Currently, Bioclimatic Architecture is being used more and more due to factors such as climate change, the depletion of fossil fuel reserves and the need to make better use of energy resources. However, there is still no fully accepted definition at the global level of “sustainable building or construction”. For this reason, at Pallars Fustes, we want to take an in-depth look at the issue of sustainable certification.
How is sustainable construction evaluated and certified?
Sustainable certification has a complex evaluation process as buildings incorporate a large number of materials and systems.
First of all, it should be noted that materials or products cannot be compared individually, since their environmental weight is different depending on the construction system. With that being said, the construction systems should be compared when they are complete and finished.
Currently, certification systems are carried out by private institutions and most of them are voluntary evaluations. In addition, most building codes don’t include them as it is not regulated nor is it the norm.
With this, constructions are evaluated in such a way that an independent technical organization analyzes the different values of their sustainability, as is previously defined in their technical document and lastly. It grants the corresponding certificate or qualification.
The most widely implemented sustainable construction certification systems.
The main certification systems are the following:
- BREEAM (Building Research Establishment Environmental Assessment Methodology)
Established in 1990 by the Building Research Establishment (BRE) it is the oldest method of evaluating, qualifying and certifying the sustainability of buildings and construction.
It uses science-based sustainability metrics and indicators that cover a host of environmental issues. It is characterized by evaluating the use of energy and water, health and well-being, pollution, transport, materials, waste, ecology and management processes.
The buildings are classified and certified on a scale of “Pass”, “Good”, “Very Good”, “Excellent” and “Exceptional”.
- BUILT GREEN (Canada)
Created in 1990, it focuses on the construction of residences. It is based on a double label, the EnerGuide, in relation to natural resources issues, and the Built Green, concerning energy efficiency, materials and methods, indoor air quality, ventilation, waste management, water management and good commercial practices. .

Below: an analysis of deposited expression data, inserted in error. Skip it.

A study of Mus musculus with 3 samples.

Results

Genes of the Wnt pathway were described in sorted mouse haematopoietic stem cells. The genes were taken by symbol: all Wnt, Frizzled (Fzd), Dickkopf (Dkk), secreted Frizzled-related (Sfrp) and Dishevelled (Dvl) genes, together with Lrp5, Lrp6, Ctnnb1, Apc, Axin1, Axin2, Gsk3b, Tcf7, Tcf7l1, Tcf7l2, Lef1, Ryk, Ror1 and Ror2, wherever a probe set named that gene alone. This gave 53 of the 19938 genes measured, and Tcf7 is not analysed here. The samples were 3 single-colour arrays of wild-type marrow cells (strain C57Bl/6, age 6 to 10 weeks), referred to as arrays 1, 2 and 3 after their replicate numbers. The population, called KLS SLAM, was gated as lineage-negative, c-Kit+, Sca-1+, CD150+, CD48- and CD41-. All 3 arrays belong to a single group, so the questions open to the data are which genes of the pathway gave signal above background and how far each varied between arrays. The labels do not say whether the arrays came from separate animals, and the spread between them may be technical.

Depending on the result of the evaluation, it is awarded one of the following categories: bronze, silver, gold and platinum.
- LEED (Leadership in Energy & Environmental Design)
The US Green Building Council developed and implemented this certification in 1993.
It is based on a set of rules on the use of strategies aimed at sustainability in buildings of all kinds. During the project, aspects related to energy efficiency, the use of alternative energies, the improvement of indoor environmental quality, the efficiency of water consumption, the sustainable development of the open spaces of the plot and the selection of materials are incorporated.
LEED certification has the following scale:
- Certificate (LEED Certificate)
- Silver (LEED Silver)
- Gold (LEED Gold)
- Platinum (LEED Platinum)
It has a base of 100 points; in addition to 6 possible points in Innovation in design and 4 points in Regional Priority.
The WELL certificate consists of 7 areas of action, each one including a series of measures, some of them mandatory and others optional.
- Air: removal of air pollutants, pollution prevention and air purification.
- Water: filtration, treatment and strategic location.
- Food: healthy food options and healthy eating.
- Light: access to natural light, and improvement of the quality of artificial light.
- Exercise: activities that allow you to lead an active life.
- Comfort: maximize thermal, acoustic, olfactory and ergonomic comfort.
- Mind: policies to reduce stress and improve mental and emotional well-being.